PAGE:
Egypt’s long-banned Muslim Brotherhood is on the verge of gaining the political legitimacy it has sought for decades, but as it steps out of the shadows its credibility will be on the line, analysts say.
Ten months after the end of Hosni Mubarak’s 30 years of autocratic rule, Egyptians went to the polls this week in the first phase of multi-stage elections to create a new parliament.
Ahead of preliminary results later Thursday for the third of districts which have already voted, the Brotherhood’s Freedom and Justice Party (FJP) said it was in the lead with more than 40 percent of ballots.
“This is an excellent chance to test the group,” said Rabab al-Mahdi, professor of political science at the American University in Cairo.
“For years they have been making claims — such as the fact that freedom and religion can be compatible — without being held accountable,” she told AFP.
The Brotherhood has been officially banned since the 1950s, but it counts hundreds of thousands of members and operates a vast network of social and religious outreach programmes across the country.
Its FJP party says it strives for a “civil state, defined as a non-military non-religious state… that respects human rights,” according to its political programme.
Leaders have repeatedly stressed their commitment to multi-party democracy and inclusiveness and pledged to ensure freedoms — in stark contrast to other hardline Islamist leaders who are also expected to do well in the elections.
But if it does emerge as the biggest party in the new parliament — final results for the lower house are expected in January — its credibility will evaporate if it accepts to be part of a toothless assembly, observers say.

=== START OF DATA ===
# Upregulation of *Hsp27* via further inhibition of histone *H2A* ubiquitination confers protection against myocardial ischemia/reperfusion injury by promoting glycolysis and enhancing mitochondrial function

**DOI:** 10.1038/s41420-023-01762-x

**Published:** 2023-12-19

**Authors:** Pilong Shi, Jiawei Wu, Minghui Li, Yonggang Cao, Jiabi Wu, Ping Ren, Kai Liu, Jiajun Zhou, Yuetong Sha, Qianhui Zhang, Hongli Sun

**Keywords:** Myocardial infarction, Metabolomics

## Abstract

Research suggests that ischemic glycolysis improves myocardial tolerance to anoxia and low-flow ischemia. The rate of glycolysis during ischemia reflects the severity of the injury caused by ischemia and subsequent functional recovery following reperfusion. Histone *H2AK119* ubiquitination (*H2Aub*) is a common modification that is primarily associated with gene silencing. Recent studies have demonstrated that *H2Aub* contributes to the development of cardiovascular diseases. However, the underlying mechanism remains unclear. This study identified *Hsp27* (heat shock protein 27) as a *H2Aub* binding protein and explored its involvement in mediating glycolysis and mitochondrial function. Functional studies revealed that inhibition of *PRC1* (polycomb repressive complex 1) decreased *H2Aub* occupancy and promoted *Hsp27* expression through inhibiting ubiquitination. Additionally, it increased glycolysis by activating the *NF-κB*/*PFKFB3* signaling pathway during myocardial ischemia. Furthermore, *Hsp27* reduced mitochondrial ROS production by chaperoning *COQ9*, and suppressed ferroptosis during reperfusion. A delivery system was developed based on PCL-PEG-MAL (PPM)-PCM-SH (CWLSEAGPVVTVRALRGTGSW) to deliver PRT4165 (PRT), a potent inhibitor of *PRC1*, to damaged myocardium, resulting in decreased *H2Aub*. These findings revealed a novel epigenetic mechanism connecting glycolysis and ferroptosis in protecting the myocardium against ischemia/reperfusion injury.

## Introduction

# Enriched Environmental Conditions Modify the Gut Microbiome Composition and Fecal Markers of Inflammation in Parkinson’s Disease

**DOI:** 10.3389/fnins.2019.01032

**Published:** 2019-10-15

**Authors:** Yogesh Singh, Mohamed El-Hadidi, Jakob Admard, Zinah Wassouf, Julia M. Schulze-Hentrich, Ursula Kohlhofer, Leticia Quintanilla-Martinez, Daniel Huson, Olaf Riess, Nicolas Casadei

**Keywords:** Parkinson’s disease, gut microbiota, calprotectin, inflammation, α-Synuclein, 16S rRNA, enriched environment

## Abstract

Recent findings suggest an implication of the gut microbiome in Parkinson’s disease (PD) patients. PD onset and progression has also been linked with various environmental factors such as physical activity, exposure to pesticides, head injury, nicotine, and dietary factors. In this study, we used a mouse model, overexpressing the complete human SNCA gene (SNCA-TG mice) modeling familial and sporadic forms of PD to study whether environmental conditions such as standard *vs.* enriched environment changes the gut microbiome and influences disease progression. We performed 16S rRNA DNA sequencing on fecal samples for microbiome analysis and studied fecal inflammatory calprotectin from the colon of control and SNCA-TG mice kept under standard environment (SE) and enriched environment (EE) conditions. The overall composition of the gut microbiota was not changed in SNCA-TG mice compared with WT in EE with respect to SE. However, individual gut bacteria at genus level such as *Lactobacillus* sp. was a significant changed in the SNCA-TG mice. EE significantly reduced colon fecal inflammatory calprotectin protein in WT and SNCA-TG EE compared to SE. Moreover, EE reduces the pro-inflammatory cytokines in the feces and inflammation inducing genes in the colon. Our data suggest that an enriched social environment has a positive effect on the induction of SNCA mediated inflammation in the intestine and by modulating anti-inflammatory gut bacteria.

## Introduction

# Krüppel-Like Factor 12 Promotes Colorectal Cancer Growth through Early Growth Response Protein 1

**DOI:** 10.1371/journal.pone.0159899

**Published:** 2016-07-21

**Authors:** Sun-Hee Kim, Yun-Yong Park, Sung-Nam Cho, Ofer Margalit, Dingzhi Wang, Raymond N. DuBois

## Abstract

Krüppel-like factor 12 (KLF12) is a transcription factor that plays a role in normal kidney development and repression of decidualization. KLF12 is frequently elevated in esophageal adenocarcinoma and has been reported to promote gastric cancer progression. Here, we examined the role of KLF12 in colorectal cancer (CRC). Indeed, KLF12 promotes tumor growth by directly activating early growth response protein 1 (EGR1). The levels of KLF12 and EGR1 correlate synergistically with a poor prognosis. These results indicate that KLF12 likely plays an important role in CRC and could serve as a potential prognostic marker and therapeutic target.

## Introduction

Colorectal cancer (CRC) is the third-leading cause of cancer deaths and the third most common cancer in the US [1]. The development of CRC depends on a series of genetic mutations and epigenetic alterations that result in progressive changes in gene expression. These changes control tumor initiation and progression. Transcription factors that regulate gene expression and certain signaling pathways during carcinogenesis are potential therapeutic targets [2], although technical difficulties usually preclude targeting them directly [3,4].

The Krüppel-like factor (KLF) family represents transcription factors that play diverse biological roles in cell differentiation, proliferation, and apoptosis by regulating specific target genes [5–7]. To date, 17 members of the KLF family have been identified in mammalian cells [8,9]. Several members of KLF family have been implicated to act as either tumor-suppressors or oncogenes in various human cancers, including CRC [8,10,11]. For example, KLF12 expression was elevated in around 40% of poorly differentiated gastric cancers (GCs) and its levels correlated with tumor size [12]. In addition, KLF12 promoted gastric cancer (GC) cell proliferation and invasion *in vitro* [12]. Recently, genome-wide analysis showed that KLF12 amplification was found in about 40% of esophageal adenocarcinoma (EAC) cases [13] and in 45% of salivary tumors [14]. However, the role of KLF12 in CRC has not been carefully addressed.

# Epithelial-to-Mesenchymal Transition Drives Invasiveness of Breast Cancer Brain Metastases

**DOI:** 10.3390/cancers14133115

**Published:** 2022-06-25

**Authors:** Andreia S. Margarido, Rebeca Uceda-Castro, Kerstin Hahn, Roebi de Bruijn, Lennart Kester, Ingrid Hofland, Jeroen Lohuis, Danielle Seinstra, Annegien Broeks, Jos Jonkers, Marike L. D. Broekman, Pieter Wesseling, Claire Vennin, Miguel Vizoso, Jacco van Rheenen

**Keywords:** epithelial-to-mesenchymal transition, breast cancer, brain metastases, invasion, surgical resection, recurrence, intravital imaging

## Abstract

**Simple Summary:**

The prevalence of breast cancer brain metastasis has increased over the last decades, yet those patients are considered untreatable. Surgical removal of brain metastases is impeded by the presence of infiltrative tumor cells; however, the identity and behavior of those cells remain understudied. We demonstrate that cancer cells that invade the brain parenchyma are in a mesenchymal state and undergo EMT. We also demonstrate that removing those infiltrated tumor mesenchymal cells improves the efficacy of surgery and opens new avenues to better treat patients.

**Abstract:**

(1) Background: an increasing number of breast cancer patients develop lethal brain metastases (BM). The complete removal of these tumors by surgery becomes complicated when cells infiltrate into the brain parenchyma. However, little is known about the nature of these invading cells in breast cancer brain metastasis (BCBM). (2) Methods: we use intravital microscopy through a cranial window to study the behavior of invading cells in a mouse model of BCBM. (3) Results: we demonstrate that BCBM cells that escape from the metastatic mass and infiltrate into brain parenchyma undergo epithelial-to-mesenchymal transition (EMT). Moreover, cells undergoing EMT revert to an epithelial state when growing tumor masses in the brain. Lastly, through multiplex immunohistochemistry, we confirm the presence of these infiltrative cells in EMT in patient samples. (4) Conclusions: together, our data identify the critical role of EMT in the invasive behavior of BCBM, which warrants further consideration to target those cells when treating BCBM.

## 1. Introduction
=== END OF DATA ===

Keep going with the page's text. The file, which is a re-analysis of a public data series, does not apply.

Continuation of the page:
Many voters are concerned that the military rulers in charge since the fall of Mubarak are looking to consolidate their influence and are unwilling to hand over real power to the new civilian leaders.
“They will have to fight for the power of parliament which stands more chance of success with alliances with the house’s liberals,” Mahdi said.
As capitalists, the FJP “will have more in common economically with liberals than it would with other Islamist forces,” she told AFP.
It remains unclear how the new parliament will function and how much power it will be given by Supreme Council of Armed Forces headed by Field Marshal Hussein Tantawi, Mubarak’s former defence minister.
The movement, once linked to political assassinations but now seen as a moderate force, said it expected to be asked to form a new interim government if it emerges as the biggest power in parliament.
“The future government is supposed to represent the people,” spokesman Mahmud Ghozlan told AFP ahead of the start of voting.
Once in power, the FJP will have to reassure liberal Egyptians of its commitment to civil liberties, while wrestling control from the military whose economic interests are seen as reducing its desire for genuine reform.
Its treatment of the 8.0-million-strong minority Christian population will also be a test of its rhetoric of tolerance.
The military — which owns numerous businesses and vast swathes of land — will fight for its privileges and look to retain some degree of power, argues Joshua Stacher, a political scientist at Kent State University.
“The power structure will remain until the Egyptian military is ripped out of the economy,” he said.
Ahead of the elections, the army had sought to impose a set of supra-constitutional principles which would give it final say on all military related legislation and keep its budget shielded from public scrutiny.
The Muslim Brotherhood slammed the proposals as “undemocratic.”
But in a country where politics and economic growth are fused into one engine, the FJP could find itself quickly stunted and unable to deliver social justice and a good economy — the main demands of the January uprising.